How Treasury divided Ksh.10bn among counties in September disbursement

The National Treasury disbursed a total of Ksh.32.761 billion in July to counties as the first batch of the Ksh.385.425B counties annual allocations from the National government. In the said release, traditionally, leading counties with the highest allocations for the July releases were Nairobi, Nakuru and Turkana with Ksh.1.706 billion, Ksh.1.155 billion and Ksh.1.117 billion respectively. 

The bottom on the list of allocations were the Elgeyo Marakwet and Isiolo Counties each receiving Ksh.408.1 million and Ksh.416.4 million respectively while Lamu closes the list of least monthly receipts of Ksh.275.1 million as first batch allocation.

This was in the wake of struggle among counties struggling failing to honour the pending bills due for payments to various persons and institutions that rendered goods and varied services. Kemsa as this point was following the counties to get her over Ksh.8 billion owed to her for supplies of medical goods while the pension funds like the CPF were also making claims for more than Ksh. 15 billion worth of bills by the counties.

On August 31, the National Treasury was prompt to release Ksh.6.506 billion as August allocations, being within the 15th day of the subsequent month as required by law.

The release was, however, done for only 13 counties that had zero or lowest cash balances in their accounts and seemed to require replenishment. They included counties like Vihiga, Tharaka Nithi, Taita Taveta, Nyamira, Nandi, Meru, Laikipia, Kisumu, Kirinyaga, Kajiado, Isiolo, Elgeyo Marakwet and Bomet.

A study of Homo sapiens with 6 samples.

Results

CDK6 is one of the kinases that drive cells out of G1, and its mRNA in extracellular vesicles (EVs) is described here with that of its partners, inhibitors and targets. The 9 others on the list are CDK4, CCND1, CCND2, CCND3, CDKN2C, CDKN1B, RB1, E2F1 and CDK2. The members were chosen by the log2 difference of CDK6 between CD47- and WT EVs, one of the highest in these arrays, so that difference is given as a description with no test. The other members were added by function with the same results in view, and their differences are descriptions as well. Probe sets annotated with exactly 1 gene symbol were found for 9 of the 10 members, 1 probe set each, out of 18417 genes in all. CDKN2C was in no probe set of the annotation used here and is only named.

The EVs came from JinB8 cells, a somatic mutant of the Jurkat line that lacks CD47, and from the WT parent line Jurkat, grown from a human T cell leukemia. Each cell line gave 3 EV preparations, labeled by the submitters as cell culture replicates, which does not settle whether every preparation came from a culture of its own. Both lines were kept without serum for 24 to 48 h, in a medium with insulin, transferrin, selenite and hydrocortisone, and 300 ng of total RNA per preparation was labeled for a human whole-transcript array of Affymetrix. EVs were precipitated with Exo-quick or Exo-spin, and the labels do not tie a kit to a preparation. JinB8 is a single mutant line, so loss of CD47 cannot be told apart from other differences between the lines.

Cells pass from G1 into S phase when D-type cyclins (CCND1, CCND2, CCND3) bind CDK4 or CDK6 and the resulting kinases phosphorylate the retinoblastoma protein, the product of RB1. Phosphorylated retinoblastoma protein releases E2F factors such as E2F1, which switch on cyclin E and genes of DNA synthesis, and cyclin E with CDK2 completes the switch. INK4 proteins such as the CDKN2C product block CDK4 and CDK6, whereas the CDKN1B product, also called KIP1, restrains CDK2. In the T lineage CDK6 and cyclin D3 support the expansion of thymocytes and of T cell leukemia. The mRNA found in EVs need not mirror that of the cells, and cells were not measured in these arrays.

Counties are usually encouraged to clear their balances by making payments to their various suppliers of goods and services. This way then, the National Treasury releases the available funds to the ‘most needing’ counties.

On September 22, the National Treasury further released Ksh.10.068 billion as August allocations to some 15 more counties.

Kakamega got the highest allocation in this send batch of release with slightly over Ksh. 1 billion followed closely by Mandera County which received Ksh. 930 million. Bungoma County got Ksh. 888 million while Narok received Ksh. 735 million.

Other counties that benefitted from this release included Garissa, Homa Bay, Kericho, Kwale, Mombasa, Murang’a, Nyandarua, Samburu, Trans Nzoia, Uasin Gishu and the West Pokot Counties all having a range of between KSh. 447 million and KSh. 686 million.

This consequently means that the Treasury has done about 50% of August releases having a balance of over Ksh.16.6 billion not released. The 19 counties with no August allocations will therefore have to wait for the Treasury to consolidate more funds for release. 

With raising non-food and fuel inflation hitting the country, we expect to see the counties calling for supplementary budgets to adjust to the inflationary pressures. The rising inflation has a ripple effect to enterprises and this would subsequently affect the county own source revenue collections thus contracting the budget even further on the revenue side of the equition.

The National government for instance, will be submitting to parliament some budgetary changes in the end of October as their 1st 2023/24 Supplementary Budget. This supplementary budget will include some legislative proposals for enhancing tax collection which has shown some red flags.


Mr. Ndai is an experienced public sector economist, experienced in sub-nationals having greatly influenced development of policies relating to revenue mobilization by Counties Governments. He collaborates with the private sector, governments and NGOs to address critical topics, including county growth strategies, borrowing and leasing by counties, MSME support and public finance management.